Illinois Vaccine Plan Would Prioritize Those Most At Risk
Illinois' plan to distribute a COVID-19 vaccine will initially target health care providers, first responders and those associated with vulnerable populations, like nursing home employees and residents. But many uncertainties remain, including a timetable.
During his daily Coronavirus update to reporters Wednesday, Gov. J.B. Pritzker laid out the parameters for getting the vaccine to the public. But he also said it’s unclear how a vaccine would be delivered, what kind of refrigeration might be needed and how many doses would be required.
The governor said Illinois won’t move ahead until more information is available.
“Let me be clear: Illinois will not distribute a vaccine until we have one that is proven safe and effective,” Pritzker said.
States have been working to meet a Centers for Disease Control deadline to submit plans.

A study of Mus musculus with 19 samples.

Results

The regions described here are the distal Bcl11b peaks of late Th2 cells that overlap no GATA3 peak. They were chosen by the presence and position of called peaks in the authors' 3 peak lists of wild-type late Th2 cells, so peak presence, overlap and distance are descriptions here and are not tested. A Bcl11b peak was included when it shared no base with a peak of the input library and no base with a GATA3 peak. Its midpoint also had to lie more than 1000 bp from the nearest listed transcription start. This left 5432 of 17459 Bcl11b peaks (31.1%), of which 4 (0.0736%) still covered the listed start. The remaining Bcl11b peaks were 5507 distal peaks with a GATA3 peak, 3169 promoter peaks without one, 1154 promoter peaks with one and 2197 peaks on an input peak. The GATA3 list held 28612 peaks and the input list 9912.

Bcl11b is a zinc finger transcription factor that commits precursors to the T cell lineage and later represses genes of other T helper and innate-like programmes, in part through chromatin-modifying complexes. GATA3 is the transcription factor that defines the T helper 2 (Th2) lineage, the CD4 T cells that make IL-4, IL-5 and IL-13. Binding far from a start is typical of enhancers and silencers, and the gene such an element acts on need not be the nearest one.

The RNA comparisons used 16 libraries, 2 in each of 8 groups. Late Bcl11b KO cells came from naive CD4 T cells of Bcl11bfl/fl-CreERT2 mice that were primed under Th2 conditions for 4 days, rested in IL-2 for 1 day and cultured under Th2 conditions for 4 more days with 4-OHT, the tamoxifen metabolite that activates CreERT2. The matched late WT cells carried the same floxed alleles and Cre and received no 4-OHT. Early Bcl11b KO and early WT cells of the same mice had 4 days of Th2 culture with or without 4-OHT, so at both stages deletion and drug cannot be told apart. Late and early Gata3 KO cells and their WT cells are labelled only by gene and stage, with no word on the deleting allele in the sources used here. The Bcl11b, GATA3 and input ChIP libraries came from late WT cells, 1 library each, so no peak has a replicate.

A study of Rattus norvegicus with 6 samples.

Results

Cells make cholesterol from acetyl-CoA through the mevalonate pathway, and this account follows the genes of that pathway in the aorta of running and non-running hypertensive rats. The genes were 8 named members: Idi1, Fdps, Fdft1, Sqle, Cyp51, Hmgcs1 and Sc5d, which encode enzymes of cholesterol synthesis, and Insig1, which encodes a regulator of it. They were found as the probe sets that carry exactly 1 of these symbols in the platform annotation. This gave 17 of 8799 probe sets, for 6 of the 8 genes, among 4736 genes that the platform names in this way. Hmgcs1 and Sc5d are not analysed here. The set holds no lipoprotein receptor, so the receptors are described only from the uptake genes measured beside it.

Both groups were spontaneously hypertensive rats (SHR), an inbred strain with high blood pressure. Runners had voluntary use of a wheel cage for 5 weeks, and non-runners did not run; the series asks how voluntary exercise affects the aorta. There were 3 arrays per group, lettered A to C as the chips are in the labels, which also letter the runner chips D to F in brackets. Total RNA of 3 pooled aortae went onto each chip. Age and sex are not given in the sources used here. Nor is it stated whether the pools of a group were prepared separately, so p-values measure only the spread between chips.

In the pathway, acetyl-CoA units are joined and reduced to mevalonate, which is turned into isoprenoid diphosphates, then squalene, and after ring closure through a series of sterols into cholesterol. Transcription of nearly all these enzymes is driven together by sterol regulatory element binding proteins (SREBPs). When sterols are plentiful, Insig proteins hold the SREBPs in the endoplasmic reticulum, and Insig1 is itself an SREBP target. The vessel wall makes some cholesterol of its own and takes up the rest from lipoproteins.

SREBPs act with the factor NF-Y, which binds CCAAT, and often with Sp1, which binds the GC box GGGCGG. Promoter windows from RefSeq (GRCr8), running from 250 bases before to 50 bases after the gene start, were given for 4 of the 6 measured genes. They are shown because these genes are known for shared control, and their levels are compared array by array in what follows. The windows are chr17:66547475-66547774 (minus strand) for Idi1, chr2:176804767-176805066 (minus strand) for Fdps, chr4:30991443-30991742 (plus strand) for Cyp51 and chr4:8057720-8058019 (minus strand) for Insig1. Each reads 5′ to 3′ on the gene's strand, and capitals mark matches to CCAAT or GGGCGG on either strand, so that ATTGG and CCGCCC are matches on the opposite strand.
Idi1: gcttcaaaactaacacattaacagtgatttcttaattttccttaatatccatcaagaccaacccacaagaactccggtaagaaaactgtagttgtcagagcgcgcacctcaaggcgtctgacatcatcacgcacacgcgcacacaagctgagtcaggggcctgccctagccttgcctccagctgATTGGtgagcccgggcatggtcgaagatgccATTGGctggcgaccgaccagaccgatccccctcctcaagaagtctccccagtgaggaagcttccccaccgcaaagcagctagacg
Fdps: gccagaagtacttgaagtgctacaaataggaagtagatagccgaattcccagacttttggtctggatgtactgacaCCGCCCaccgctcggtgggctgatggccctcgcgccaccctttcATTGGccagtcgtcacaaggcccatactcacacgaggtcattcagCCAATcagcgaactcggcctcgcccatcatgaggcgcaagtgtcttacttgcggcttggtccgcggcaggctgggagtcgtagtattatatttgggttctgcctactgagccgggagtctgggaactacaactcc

Illinois Department of Public Health Director Ngozi Ezike said at least three vaccine trials are still taking place. But she added it’s too soon to speculate when any one vaccine would be ready.
However, she indicated she is confident in both safety and efficacy of any vaccine that is approved for use.
“Clinical trials have gone faster, but important safety steps have not been skipped,” she said.
A bigger challenge might be getting enough people to willingly take it. Ezike acknowledged education will be needed to get buy-in from the broader population.
“Getting the vaccine is one step. Getting it into people’s arms is another. And so, we need both of those to get to a better state with this pandemic,” she said. “Once a safe and effective vaccine is available, CDC planning assumptions indicate 80 percent of the population would need to be immunized to achieve herd immunity.”
That could take a while. Along with the logisitics of getting the vaccine to people, there are also questions about production. Ezike added it could take "many, many months" before it is widely available.
Under Illinois’ plan, the vaccines will be free to all residents, although some health providers may charge a fee to give the shot.
Pritzker praised Illinois’ plan as “adjustable” as a clearer picture develops.